International tourist arrivals are forecast to grow at a more moderate 3.3% per year pace, but still reach 1.8 billion by 2030, according to the UNWTO long-term forecast, Tourism Towards 2030. As a result, an average 43 million additional international tourists will join the tourism marketplace every year.
At the projected pace of growth, arrivals will pass the 1 billion mark by 2012, up from 940 million in 2010. By 2030, arrivals are expected to reach 1.8 billion, meaning that in two decades time, 5 million people will be crossing international borders for leisure, business or other purposes.
International arrivals in emerging economies are expected to continue growing at double the pace (+4.4% year) of advanced ones (+2.2% a year). In absolute terms, the emerging economies of Asia, Latin America, Central and Eastern Europe, Eastern Mediterranean Europe, the Middle East and Africa will gain an average 30 million arrivals a year, compared to 14 million in the traditional destinations of the advanced economies. By 2015, emerging economies will receive more international tourist arrivals than advanced economies, and by 2030 their share is expected to reach 58%.
There will be increases in the global market shares of Asia and the Pacific (to 30% in 2030, up from 22% in 2010), the Middle East (to 8% from 6%) and Africa (to 7% from 5%), and further declines in the shares of Europe (to 41% from 51%) and the Americas (to 14% from 16%), mostly due to the slower growth of North America.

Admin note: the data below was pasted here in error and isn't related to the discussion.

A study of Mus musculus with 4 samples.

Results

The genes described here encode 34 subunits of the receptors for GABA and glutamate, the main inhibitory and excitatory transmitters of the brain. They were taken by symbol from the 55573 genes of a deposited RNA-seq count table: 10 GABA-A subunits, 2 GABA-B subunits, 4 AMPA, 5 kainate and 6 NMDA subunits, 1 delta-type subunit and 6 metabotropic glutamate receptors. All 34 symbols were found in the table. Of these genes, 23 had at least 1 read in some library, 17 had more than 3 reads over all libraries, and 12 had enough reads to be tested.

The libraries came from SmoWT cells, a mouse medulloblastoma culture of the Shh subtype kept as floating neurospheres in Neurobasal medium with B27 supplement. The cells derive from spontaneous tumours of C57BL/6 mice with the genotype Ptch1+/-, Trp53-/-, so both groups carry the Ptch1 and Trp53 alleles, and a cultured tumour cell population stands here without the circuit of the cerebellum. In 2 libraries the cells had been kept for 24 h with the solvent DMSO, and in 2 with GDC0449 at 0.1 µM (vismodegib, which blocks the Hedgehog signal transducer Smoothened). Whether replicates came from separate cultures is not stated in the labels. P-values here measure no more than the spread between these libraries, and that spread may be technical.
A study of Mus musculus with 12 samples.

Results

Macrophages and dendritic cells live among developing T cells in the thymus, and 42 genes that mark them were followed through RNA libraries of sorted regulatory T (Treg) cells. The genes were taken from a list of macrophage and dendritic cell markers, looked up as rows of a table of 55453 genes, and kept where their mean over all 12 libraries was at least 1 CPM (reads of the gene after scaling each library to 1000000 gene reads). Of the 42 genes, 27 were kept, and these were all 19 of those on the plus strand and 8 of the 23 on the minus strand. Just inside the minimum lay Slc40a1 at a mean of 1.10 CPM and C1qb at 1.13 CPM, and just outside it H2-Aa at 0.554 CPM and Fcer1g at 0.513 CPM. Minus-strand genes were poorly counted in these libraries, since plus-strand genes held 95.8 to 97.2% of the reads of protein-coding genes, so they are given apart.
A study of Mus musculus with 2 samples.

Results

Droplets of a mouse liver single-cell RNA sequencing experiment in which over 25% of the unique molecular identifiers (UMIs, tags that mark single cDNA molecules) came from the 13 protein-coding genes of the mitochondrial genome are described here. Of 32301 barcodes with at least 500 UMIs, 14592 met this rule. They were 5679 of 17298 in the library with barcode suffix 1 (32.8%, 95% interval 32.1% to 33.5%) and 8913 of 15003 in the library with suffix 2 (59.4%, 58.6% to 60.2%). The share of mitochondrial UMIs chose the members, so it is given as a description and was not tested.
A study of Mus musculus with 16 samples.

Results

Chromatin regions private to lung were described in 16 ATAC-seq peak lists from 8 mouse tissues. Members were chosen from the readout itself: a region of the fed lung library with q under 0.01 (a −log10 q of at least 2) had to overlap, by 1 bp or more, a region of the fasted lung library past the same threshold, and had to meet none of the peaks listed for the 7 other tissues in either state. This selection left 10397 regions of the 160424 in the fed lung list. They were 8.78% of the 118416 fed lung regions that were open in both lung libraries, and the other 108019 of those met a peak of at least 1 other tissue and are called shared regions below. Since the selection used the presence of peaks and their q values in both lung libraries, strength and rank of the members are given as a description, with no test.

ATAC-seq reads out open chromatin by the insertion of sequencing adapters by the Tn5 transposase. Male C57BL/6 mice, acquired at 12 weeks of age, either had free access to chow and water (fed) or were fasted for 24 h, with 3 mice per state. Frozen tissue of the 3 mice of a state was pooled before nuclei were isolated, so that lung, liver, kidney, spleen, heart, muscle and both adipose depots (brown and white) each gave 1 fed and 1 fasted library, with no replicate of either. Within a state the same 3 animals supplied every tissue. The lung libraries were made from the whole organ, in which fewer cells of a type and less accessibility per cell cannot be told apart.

By 2030, North East Asia will be the most visited sub-region in the world, representing 16% of total arrivals and taking over from Southern and Mediterranean Europe, with a 15% share in 2030.
A large proportion of the arrivals of the next two decades will originate from the countries of Asia and the Pacific, growing at a rate of 5% a year and generating an average 17 million additional international arrivals every year. Europe follows with an average 16 million extra arrivals a year, resulting from a much more moderate growth rate (+2.5% a year), but on top of a much larger base. The remaining 10 million additional yearly arrivals are generated by the Americas (5 million), Africa (3 million) and the Middle East (2 million).